Starting osteopathic medical school has often been described as “drinking water from a fire hose.” That can sound daunting, but we’ve asked members of our Student Experience Panel to share their thoughts on what they wish they knew when starting osteopathic medical school, and their advice for embarking on the Road to DO Licensure. For even more tips and advice, be sure to read some of our Stories from the Road.

Devanshi Patel, OMS-IV – MUCOM

Medicine is just one path to a career in the healthcare field. I do wish I would have gotten exposed to other healthcare careers (through things like shadowing and participating in more clinical experiences in undergrad) to allow me to appreciate those professionals more when interacting with them in the future.

I also would recommend taking the time to have hobbies and develop skills that are fun before and throughout medical school. It allows us to become well-rounded and it can be used as a way to relax and de-stress.

One thing I see a lot of—don’t compare with others. Everyone has a different path in life and it is important to be confident in our own abilities and skills and not follow what others are doing.

Julia Wursta, OMS-IV – NSU-KPCOM (Tampa Bay)

Networking is an extremely important resource.  Every connection, every professor, and every physician or healthcare worker is an opportunity to utilize throughout your education, training, and career. Take advantage of those interactions.

Time management and organizational skills will get you very far. Creating an effective study strategy specific to you that includes time for your non-academic priorities is crucial to success. Don’t compare your study strategies to others.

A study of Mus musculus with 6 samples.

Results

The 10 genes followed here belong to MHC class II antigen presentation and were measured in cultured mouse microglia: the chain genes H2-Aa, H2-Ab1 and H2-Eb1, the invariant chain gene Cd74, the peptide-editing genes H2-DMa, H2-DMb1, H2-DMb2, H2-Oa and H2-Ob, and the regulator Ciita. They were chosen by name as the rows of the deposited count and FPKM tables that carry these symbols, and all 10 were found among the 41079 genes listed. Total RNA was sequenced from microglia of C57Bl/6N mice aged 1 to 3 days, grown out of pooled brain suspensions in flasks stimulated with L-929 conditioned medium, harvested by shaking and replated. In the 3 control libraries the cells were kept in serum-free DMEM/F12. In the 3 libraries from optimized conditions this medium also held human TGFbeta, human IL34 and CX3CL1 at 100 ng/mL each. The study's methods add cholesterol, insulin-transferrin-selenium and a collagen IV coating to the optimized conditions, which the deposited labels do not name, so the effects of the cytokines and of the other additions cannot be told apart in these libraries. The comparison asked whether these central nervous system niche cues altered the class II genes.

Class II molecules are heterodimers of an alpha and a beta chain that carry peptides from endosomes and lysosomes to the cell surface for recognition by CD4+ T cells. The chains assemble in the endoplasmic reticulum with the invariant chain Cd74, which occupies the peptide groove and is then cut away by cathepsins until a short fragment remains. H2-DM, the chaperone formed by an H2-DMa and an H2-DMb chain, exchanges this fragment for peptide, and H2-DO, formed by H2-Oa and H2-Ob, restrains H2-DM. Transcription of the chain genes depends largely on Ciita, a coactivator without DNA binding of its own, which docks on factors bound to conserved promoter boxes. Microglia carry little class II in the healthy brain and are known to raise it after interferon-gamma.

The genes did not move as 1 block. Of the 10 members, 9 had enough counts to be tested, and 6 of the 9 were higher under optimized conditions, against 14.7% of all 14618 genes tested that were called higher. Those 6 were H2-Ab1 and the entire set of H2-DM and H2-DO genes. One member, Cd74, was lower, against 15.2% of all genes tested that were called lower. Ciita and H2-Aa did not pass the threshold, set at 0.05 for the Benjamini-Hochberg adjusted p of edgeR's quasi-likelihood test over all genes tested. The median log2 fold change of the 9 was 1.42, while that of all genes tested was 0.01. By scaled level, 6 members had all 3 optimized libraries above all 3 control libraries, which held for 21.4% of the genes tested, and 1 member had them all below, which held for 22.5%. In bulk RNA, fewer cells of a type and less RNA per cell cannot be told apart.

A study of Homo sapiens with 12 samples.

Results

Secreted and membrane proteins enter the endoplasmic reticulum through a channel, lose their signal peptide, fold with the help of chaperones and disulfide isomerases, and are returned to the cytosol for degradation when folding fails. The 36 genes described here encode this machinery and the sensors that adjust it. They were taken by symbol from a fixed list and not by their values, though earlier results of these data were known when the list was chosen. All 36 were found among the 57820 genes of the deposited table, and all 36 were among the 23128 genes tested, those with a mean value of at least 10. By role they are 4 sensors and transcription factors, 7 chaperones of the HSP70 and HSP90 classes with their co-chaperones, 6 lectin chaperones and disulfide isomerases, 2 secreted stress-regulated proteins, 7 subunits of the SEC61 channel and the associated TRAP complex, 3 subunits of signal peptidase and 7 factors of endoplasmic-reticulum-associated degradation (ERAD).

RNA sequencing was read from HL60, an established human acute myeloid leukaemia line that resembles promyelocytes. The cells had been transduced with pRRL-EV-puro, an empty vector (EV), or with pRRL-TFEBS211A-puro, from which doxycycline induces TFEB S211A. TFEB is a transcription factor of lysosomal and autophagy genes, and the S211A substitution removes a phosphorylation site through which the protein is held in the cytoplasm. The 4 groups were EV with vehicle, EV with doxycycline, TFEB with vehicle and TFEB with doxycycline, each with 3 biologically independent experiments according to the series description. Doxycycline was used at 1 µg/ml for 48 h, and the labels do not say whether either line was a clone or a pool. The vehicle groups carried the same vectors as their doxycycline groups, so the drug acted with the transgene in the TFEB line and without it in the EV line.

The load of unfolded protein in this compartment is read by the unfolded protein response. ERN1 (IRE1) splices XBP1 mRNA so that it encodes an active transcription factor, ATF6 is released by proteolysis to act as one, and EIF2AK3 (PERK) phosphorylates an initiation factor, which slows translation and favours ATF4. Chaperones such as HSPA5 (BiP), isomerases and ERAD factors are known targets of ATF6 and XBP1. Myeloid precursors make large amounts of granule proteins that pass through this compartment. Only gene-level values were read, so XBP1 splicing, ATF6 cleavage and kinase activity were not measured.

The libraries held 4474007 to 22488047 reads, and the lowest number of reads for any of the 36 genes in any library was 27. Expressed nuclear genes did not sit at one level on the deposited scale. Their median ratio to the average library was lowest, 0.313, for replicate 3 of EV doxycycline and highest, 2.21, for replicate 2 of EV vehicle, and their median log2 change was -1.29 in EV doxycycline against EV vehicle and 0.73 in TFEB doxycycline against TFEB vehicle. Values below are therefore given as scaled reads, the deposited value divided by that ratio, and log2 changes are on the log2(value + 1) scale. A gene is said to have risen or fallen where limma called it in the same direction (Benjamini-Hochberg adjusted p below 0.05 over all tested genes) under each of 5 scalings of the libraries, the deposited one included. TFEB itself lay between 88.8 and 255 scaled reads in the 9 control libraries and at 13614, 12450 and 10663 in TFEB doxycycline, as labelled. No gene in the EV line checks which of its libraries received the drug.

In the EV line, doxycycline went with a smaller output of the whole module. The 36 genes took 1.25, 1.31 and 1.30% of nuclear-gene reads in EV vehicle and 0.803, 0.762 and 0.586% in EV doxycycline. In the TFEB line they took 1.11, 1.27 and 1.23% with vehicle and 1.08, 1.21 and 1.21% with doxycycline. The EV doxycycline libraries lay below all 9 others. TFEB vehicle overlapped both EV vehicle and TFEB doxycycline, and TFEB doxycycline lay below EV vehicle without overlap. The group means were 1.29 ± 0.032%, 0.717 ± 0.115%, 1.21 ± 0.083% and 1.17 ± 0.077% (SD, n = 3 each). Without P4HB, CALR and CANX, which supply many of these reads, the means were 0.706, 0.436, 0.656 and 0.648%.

Make friends and utilize your peers as resources. Medical school offers a chance to meet a large group of diverse individuals and your peers can often reflect various patient populations in belief systems, cultures, and values. Acknowledging those differences while in pre-clinical years can help you develop your interpersonal skills that you carry with you through clinical years.

Kimberly Fasciglione, DO, PGY-1

Don’t sweat the small stuff. Medical school is a marathon, and what matters most is the sum of your efforts, not so much the day-to-day. Take good care of your mental and physical health and your relationships, and never be afraid to ask for help when you need it! You’re never alone.

I advise all incoming DO students to learn the basics–so much of medicine is based in the principles that you learn in your very first semester of medical school, and they will stay with you for the rest of your careers. There will be many tests of your skills and knowledge along the way. Treat them as learning experiences.

As DO students, we have a unique perspective when treating our patients– be DO proud, and use that perspective to your advantage! Don’t ever stop looking back on your progress, and take time to recognize how proud “past you” would be of you!

Grace Young, DO, PGY-1

Remember to make time for yourself. Prioritize your mental and emotional wellness. We cannot take care of our patients if we are not well ourselves

Evan Bischoff, OMS-IV – VCOM-Virginia

Address mental health issues prior to the start of medical school. . Anxiety, depression, and burnout can all be exacerbated during medical school. If you come into school having developed coping strategies, ways to effectively process how you are feeling, or a treatment plan, you will be better off. Offer only kindness and support to your fellow colleagues if they are dealing with these issues.